Business groups have warned UK employers face a “cliff edge” as government support is cut back this winter, risking a fresh wave of job losses after Christmas.
Three leading business figures sounded the alarm over chancellor Rishi Sunak’s new job support scheme on Tuesday, with fears employers will still not be able to prevent lay-offs.
Sunak has resisted pressure to extend the job protection scheme, which saw millions of staff furloughed across the economy when the coronavirus and lockdown first hit. Last month he instead announced a new wage subsidy scheme from November, on top of a ‘job retention bonus’ for firms keeping furloughed staff.
Employers’ contributions are significantly higher under the new initiative, with organisations expected to pay more than half workers’ typical wages for only a third of their hours.
Watch: What are the new job support schemes and grants for the self-employed?
Several business and union representatives were asked by a committee of MPs on Tuesday about the generosity of the scheme and the risk of job cuts once the bonus had been paid in January.
Rain Newton-Smith, chief economist of the Confederation of British Industry (CBI), said the leading business group was concerned there was a “bit of cliff edge” looming after firms received the bonus.
She said the chancellor should keep the scheme under review, and consider footing more of the bill for the employer “if it is not supporting enough jobs.”
But Newton-Smith said she still expected the scheme to help support “hundreds of thousands of jobs,” and had been welcomed by some the CBI’s manufacturing and small- and medium-sized business members.
Tej Parikh, chief economist at the Institute of Directors (IoD), issued a starker warning. “A lot of businesses are going to have to make a lot of difficult decisions with this transition from the job protection scheme to a job support scheme — particularly with cashflow still weak.
“Demand hasn’t fully recovered, and obviously it’s very difficult to plan at the moment with restrictions and potential changes in restriction going ahead.”
80% of the IoD’s members said even the job retention bonus “didn’t really impact the incentives to retain workers,” suggesting the cliff edge may come even sooner.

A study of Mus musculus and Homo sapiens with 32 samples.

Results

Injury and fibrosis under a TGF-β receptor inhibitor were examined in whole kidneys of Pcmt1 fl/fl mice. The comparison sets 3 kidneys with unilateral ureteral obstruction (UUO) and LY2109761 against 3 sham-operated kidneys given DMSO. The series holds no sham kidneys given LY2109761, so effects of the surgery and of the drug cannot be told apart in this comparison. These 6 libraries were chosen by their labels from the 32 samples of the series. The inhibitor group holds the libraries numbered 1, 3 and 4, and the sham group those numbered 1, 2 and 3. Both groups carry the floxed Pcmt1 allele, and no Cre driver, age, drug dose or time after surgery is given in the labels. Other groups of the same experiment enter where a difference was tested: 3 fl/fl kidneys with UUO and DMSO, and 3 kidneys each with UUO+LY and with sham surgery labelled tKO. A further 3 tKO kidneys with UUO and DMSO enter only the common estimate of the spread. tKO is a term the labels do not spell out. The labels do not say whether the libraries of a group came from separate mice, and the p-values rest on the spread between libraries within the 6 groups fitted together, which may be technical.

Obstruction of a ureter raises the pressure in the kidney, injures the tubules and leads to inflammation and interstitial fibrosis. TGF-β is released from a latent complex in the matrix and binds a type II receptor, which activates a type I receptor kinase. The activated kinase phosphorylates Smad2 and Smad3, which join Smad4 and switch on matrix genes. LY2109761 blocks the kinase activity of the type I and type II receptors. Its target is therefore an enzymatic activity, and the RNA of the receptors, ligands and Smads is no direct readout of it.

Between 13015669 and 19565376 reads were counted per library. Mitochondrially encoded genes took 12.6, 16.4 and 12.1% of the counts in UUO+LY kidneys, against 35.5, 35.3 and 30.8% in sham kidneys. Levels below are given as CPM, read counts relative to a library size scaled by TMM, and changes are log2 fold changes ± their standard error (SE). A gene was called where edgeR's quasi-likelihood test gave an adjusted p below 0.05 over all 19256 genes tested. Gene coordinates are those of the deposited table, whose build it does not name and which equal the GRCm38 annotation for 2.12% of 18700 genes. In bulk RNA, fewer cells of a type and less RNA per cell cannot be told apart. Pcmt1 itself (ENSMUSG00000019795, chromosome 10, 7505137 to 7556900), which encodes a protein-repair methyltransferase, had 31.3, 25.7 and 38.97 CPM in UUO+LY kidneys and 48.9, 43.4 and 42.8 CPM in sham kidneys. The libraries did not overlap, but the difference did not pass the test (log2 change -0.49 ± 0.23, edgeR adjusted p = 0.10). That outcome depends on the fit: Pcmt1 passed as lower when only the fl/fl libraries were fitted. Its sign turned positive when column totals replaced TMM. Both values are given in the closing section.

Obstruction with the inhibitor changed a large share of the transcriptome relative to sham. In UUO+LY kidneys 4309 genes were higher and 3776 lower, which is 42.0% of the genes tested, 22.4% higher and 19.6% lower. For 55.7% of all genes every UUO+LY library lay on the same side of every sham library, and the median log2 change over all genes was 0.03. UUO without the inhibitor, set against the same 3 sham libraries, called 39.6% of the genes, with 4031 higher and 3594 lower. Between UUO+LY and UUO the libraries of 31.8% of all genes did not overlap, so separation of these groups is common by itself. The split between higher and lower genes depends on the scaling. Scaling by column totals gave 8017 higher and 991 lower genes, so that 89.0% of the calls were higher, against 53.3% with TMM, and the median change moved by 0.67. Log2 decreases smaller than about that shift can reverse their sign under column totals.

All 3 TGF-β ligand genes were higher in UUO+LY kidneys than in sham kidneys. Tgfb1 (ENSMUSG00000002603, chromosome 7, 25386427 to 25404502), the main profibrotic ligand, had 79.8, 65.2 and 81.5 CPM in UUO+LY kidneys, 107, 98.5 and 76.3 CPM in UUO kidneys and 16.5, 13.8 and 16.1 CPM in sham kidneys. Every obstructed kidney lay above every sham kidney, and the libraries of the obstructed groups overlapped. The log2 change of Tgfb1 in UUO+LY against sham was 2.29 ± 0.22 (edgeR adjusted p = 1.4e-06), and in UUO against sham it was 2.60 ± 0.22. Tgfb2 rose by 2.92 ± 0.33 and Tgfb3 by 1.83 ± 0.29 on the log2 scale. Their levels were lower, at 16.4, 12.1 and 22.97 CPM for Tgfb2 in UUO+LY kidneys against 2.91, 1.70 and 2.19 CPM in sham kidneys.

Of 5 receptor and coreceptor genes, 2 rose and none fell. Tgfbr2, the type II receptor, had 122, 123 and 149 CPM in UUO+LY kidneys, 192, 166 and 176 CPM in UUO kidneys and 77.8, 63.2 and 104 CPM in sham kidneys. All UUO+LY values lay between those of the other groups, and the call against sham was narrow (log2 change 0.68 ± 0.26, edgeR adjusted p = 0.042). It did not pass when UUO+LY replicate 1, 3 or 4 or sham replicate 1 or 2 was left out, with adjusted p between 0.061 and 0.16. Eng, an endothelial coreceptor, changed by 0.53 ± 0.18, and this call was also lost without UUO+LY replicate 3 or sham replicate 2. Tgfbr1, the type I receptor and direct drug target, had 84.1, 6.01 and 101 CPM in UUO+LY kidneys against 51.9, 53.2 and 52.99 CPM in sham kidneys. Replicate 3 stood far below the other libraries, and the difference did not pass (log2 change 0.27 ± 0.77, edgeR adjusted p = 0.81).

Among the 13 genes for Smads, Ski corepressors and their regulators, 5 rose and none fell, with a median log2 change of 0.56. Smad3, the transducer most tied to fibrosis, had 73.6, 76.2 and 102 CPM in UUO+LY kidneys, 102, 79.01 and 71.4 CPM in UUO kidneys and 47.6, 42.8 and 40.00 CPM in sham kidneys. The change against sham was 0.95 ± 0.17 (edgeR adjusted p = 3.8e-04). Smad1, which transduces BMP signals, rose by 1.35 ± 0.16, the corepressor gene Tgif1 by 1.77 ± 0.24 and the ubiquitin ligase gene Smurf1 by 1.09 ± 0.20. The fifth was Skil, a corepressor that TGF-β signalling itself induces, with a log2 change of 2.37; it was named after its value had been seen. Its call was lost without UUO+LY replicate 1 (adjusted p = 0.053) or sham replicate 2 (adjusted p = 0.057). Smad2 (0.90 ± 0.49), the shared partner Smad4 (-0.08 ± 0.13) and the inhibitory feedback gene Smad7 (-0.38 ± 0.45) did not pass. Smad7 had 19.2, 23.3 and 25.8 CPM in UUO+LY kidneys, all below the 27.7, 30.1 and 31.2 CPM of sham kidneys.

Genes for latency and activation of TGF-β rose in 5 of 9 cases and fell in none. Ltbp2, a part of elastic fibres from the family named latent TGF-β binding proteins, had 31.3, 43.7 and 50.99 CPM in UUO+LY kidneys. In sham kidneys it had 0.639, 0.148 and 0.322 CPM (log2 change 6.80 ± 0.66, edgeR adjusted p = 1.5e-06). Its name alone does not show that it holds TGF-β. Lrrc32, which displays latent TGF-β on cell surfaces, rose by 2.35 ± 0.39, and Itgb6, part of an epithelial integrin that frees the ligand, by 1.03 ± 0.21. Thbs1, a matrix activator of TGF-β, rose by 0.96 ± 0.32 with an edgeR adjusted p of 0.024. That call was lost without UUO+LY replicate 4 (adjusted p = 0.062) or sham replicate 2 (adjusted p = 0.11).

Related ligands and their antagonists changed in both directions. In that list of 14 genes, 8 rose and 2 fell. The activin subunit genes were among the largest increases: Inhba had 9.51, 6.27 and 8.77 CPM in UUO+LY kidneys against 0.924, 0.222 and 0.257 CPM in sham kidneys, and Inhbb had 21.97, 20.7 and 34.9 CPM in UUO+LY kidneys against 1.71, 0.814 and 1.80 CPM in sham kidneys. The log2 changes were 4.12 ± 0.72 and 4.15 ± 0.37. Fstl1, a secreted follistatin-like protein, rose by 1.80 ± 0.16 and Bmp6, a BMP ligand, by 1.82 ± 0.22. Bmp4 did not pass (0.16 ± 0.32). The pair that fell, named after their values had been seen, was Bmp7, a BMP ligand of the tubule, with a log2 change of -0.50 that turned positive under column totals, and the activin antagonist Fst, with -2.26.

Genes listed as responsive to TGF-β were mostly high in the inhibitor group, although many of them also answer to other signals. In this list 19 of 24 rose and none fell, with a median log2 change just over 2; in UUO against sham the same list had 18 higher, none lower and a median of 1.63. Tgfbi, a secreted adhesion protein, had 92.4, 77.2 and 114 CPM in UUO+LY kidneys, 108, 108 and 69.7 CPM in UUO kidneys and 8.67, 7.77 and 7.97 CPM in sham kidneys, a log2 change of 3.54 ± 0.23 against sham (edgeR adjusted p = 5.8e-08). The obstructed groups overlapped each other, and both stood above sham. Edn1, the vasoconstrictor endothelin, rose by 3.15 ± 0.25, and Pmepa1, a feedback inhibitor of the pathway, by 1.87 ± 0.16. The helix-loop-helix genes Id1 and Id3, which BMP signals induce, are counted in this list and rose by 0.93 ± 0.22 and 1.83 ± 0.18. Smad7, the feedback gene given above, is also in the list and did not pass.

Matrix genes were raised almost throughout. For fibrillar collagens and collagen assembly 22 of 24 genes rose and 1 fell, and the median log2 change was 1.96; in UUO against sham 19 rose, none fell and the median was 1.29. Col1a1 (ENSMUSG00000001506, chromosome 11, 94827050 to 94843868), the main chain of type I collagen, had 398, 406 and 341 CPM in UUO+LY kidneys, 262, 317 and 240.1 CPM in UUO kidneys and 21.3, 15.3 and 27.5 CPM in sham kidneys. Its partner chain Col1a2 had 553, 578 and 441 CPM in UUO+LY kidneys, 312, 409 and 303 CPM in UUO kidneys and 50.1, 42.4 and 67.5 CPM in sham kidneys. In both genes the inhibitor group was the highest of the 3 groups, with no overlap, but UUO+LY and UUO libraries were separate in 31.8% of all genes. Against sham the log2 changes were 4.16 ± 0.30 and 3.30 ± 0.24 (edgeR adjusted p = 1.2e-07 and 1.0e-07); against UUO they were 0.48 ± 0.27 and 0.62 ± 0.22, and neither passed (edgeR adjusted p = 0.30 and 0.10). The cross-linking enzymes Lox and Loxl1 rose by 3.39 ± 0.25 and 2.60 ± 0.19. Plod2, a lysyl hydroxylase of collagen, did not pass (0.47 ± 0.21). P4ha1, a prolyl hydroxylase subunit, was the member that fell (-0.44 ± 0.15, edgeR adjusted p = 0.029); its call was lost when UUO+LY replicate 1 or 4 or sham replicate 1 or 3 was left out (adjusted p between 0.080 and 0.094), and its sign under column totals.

Several business and union figures called for more support for specific hard-hit sectors in the hearing before MPs on the Treasury select committee.
UKHospitality chair Kate Nicholls, representing one of the sector’s hit hardest by the crisis, said without such measures for hospitality, the sector faced many more immediate job losses as the furlough scheme ends this month.
“This scheme unfortunately doesn’t provide enough support for those sectors of the economy that are subject to legislative restrictions, and have an inability to earn revenue at a normal level,” she warned.
“We fear that as a result...you won’t avoid the cliff edge in October, and we have got large numbers of redundancies forecast in October.”
Job losses will be “far higher” even than the 560,000 the trade body anticipated this year in a survey carried out before new restrictions were announced, including a 10pm shutdown. UKHospitality figures suggest employment in the sector has already plummeted by around 500,000 since the start of the crisis.
She said the question was now not just whether jobs were at risk, but whether businesses would survive that could employ such workers when Britain returns to a “degree of normality.”
“There’s a very real danger we will lose large chunks of the economy; in hospitality you will have insolvent businesses, businesses going into administration, and therefore that engine of growth for re-employing people will be lost for good.”
Watch: Chancellor Rishi Sunak defends the Eat Out to Help Out scheme
ONS figures suggest one in four firms in the sector feel at high risk of insolvency in the next six months, she added.
Asked about the Eat Out to Help Out scheme, she told MPs: “13 days of good trading, and they were good trading, doesn’t offset 60% losses on the year to date.”
She said it had helped firms back to breaking even but not not to solvency, and firms had now gone “further backwards.” The trade body’s analysis suggests trading is now at levels last seen at the start of July, at around 40-50% of normal revenue, and as little as 20-30% in city centres.